Malaysia

Report: Budget restructuring leaves several ministries in the lurch

Bank Islam chief economist Mohd Afzanizam Abdul Rashid said the government must plan the right strategy that balances the need to improve the country's fiscal situation with budgeted programmes to ensure that the nation growth remains sustainable. — Reuters pic
Bank Islam chief economist Mohd Afzanizam Abdul Rashid said the government must plan the right strategy that balances the need to improve the country's fiscal situation with budgeted programmes to ensure that the nation growth remains sustainable. — Reuters pic

PETALING JAYA, Sept 17 — After the government’s budget restructuring for this year last month, three ministries reportedly did not receive their allocated funds.

Local daily Berita Harian reported that the affected ministries were the Health Ministry, the Tourism, Arts and Culture Ministry, and the Energy, Technology, Science, Climate Change and Environment Ministry.

Among the schemes and programmes affected included the RM3 billion Green Technology Financing Scheme 2.0, RM2 billion for the Special Tourism Fund for Small and Medium Enterprise, and RM1 billion for tourism infrastructure development funds.

“This situation has resulted in the implementing agencies facing a dilemma over programmes or projects planned for 2018, some of which have already been launched and in demand, whether to be continued, suspend or cancelled,” said a source.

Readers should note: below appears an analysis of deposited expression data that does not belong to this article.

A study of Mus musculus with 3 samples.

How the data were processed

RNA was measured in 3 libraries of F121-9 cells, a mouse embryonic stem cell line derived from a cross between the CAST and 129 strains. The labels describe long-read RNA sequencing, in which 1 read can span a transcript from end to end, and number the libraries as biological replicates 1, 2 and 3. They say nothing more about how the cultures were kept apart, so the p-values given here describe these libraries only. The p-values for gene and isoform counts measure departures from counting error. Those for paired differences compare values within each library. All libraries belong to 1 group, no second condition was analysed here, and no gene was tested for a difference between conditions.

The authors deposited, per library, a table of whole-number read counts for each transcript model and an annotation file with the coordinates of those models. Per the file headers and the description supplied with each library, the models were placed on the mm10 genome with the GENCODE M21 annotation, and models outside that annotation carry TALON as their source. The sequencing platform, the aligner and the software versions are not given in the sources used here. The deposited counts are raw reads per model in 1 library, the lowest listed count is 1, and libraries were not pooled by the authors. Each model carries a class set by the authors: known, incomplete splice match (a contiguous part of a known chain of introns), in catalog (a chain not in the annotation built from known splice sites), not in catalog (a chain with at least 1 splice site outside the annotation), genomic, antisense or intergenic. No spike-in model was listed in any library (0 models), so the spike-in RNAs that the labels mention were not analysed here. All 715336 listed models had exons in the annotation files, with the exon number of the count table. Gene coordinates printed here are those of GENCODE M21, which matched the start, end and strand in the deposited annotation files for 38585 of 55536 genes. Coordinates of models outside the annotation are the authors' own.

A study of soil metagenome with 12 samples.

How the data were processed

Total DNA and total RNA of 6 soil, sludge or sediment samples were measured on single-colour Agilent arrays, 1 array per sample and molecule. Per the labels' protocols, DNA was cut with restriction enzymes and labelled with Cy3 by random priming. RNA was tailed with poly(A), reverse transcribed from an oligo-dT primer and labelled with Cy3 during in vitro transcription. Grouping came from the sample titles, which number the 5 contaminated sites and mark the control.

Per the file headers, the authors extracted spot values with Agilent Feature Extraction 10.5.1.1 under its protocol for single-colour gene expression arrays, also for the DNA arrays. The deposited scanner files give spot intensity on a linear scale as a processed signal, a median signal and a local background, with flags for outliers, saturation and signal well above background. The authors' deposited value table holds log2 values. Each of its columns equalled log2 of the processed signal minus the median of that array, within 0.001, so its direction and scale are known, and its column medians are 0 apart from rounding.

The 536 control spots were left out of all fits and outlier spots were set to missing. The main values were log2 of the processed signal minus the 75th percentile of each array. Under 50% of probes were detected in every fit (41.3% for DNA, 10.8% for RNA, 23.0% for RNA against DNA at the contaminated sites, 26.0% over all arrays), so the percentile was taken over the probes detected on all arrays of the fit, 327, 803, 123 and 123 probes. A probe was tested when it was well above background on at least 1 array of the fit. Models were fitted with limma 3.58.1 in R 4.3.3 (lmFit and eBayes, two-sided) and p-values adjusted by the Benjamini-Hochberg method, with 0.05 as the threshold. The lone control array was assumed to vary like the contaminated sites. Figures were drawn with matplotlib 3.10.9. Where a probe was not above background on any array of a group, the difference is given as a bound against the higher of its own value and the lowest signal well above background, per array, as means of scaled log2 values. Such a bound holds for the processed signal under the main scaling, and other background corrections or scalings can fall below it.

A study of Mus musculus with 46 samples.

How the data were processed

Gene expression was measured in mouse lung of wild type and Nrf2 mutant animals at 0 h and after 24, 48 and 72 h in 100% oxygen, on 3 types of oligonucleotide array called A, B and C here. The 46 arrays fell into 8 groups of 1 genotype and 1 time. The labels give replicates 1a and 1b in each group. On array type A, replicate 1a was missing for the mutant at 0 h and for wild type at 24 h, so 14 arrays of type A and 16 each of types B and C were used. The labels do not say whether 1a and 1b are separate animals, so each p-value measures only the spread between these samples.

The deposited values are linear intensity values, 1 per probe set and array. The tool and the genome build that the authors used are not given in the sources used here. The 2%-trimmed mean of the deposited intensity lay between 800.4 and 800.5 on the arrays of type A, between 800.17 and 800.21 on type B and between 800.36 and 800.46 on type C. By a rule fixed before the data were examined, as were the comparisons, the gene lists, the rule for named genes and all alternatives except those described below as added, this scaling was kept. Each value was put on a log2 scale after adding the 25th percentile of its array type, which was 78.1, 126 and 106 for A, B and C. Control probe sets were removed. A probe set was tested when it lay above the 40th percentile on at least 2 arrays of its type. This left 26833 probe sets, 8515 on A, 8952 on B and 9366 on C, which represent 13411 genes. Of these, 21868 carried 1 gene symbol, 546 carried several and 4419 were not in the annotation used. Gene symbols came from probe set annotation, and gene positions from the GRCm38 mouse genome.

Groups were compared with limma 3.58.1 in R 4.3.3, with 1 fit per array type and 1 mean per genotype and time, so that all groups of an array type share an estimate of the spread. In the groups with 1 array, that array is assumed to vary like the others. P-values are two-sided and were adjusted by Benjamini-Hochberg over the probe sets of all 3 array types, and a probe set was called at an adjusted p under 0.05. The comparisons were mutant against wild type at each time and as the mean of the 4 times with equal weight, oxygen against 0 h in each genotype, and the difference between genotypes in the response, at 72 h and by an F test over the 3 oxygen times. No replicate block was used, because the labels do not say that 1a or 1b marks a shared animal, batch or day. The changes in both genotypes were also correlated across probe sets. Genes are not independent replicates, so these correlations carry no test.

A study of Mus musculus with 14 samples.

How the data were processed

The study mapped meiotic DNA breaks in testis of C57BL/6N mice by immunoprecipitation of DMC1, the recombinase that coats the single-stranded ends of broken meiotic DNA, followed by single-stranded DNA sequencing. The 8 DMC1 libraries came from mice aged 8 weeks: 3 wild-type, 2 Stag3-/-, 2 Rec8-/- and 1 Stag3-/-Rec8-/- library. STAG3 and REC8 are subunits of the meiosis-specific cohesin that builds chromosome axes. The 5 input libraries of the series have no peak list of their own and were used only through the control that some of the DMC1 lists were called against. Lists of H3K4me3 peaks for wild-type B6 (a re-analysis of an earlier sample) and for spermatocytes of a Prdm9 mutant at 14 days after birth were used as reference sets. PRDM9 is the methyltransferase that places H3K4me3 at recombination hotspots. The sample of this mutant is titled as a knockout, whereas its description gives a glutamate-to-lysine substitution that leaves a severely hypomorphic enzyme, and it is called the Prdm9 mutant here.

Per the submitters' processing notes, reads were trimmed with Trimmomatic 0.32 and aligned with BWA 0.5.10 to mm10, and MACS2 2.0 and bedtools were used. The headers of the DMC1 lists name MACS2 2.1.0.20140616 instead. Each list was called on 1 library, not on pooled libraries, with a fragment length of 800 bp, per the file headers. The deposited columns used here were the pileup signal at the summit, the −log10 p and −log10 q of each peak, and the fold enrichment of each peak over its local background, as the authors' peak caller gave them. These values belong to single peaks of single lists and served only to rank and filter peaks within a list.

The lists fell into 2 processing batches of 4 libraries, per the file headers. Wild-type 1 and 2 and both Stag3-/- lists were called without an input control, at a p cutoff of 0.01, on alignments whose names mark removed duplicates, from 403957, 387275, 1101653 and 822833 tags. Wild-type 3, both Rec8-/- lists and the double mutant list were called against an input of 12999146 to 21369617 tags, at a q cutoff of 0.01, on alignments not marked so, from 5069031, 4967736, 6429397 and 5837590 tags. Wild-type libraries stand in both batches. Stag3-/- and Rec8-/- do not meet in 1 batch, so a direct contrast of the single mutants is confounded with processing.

A financial analyst who wished to remain anonymous said if the matter was true, it could affect the nation’s gross domestic product (GDP) growth.

“If this is indeed true, it would definitely give an impact to the nation’s GDP growth, meaning a more sluggish economic growth that is worrisome.

“Therefore, the government must create demand through public investments,’’ the analyst was quoted saying.

The analyst reportedly said GDP growth was supported by strong consumer spending before, reaching eight per cent growth in the previous financial quarter of 2018.

However the analyst was doubtful that the strong consumer spending growth could be maintained even after the Goods and Services Tax (GST) was abolished.

“Consumer spending could not maintain at eight per cent growth all the time and it may return to a normal growth rate of around 6.9 per cent,’’ said the analyst.

Bank Islam chief economist Mohd Afzanizam Abdul Rashid said according to Malaysia’s second quarter GDP report, the economy was clearly affected due to reduced public investment at 9.8 per cent.

“The government must plan the right strategy that balances the need to improve our fiscal situation with budgeted programmes to ensure that the nation growth remains sustainable.

“We are aware that the growth prospect for foreign economies remains challenging following the trade war initiated by the US will give out a negative impact to the global economy,’’ he said.